Above is the latest book jacket credited to British artist Matt Taylor, whose illustration for the 2011 Penguin paperback reprint of John le Carré’s Tinker, Tailor, Soldier, Spy won that edition top honors in The Rap Sheet’s 2012 Best Crime Novel Cover contest. Haunting, moody, with lovely color contrasts and nice fade-away details at the bottom of the image, this front for the UK version of David Bezmozgis’ The Betrayers (Viking) is even more captivating in relation to Little, Brown’s considerably less inspired U.S. release of Bezmozgis’ novel.
Here’s what Amazon says about the book’s plot:
These incandescent pages give us one fraught, momentous day in the life of Baruch Kotler, a Soviet Jewish dissident who now finds himself a disgraced Israeli politician. When he refuses to back down from a contrary but principled stand regarding the settlements in the West Bank, his political opponents expose his affair with a mistress decades his junior, and the besieged couple escapes to Yalta, the faded Crimean resort of Kotler's youth. There, shockingly, Kotler comes face-to-face with the former friend whose denunciation sent him to the Gulag almost forty years earlier.I haven’t read Bezmozgis’ The Betrayers (which should not be confused with Donald Hamilton’s 1966 thriller of the same name), but Amazon’s write-up doesn’t make it sound like a crime or mystery novel. Which is too bad, because Taylor’s cover (with type design and art direction by Richard Bravery) might otherwise earn this work a place among the rivals for the 2014 Best Crime Novel Cover competition. Perhaps further investigation is needed.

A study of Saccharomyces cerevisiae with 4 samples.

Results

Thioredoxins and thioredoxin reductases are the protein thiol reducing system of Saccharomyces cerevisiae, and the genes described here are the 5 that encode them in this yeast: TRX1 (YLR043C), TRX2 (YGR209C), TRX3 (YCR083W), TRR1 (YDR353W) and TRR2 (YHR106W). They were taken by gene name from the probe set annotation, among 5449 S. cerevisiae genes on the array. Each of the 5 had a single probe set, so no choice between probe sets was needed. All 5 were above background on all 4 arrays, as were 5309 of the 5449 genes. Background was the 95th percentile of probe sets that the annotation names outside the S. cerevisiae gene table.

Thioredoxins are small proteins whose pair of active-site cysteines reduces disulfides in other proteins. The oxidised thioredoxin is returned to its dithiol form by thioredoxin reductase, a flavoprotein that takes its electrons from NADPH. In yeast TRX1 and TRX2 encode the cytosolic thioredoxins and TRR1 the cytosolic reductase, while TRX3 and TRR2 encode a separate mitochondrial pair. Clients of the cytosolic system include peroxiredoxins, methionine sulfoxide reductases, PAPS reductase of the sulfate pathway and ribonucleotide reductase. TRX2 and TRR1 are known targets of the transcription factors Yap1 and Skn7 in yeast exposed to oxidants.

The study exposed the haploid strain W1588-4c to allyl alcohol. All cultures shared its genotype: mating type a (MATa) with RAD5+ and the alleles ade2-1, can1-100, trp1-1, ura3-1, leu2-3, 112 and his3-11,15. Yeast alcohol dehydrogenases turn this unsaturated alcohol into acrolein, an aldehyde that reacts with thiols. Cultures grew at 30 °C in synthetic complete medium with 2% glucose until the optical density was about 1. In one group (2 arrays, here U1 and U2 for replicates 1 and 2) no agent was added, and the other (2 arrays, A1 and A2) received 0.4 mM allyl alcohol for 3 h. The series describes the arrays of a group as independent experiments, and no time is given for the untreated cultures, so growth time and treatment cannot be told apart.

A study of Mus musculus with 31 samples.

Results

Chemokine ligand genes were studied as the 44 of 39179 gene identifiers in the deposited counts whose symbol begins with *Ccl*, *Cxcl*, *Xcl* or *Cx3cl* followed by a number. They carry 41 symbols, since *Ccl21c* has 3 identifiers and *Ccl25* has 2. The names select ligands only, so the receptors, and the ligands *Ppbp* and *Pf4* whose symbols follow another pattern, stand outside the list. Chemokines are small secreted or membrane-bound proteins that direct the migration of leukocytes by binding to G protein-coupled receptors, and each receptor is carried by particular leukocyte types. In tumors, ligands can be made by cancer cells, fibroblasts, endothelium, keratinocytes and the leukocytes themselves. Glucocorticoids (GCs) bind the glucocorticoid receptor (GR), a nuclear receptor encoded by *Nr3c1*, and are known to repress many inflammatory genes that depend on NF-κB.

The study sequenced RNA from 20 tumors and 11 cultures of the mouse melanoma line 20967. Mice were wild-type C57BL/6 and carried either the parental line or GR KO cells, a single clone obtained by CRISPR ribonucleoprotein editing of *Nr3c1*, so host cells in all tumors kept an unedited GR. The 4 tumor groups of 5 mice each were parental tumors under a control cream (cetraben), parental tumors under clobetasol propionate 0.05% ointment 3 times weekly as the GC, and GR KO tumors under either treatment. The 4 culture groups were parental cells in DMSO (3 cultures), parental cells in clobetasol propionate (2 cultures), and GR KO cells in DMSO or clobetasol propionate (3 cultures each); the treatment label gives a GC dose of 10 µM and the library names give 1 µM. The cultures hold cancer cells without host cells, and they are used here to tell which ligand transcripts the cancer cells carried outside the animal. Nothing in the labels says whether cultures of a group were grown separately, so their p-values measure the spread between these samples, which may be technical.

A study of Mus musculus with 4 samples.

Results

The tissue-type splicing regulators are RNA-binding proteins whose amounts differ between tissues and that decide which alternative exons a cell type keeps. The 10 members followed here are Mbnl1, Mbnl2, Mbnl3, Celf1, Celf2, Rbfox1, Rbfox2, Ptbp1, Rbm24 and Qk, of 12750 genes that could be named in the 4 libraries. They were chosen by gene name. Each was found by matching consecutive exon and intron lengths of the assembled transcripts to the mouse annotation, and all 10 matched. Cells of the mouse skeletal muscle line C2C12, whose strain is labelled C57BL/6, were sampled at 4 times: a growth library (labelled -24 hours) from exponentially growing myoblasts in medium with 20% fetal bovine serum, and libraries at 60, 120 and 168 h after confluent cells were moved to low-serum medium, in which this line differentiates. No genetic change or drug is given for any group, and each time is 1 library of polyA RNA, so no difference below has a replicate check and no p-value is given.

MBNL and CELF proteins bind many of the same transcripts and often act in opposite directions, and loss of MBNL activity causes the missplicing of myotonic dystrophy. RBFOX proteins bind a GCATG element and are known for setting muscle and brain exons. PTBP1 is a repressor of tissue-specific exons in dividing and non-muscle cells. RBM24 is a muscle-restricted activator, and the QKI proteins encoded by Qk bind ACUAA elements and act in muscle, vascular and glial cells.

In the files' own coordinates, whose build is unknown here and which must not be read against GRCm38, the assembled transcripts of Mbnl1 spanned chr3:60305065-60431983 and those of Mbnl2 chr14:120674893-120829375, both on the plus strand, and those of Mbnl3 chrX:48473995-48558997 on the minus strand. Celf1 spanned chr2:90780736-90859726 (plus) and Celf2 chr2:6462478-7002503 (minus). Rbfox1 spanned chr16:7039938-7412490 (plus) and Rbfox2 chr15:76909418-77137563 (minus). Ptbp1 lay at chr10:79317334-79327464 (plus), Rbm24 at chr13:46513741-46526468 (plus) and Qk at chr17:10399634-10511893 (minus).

In a whirling twenty-four hours, Kotler must face the ultimate reckoning, both with those who have betrayed him and with those whom he has betrayed, including a teenage daughter, a son facing his own moral dilemma in the Israeli army, and the wife who once campaigned to secure his freedom and stood by him through so much.
Stubborn, wry, and self-knowing, Baruch Kotler is one of the great creations of contemporary fiction. An aging man grasping for a final passion, he is drawn inexorably into a crucible that is both personal and biblical in scope.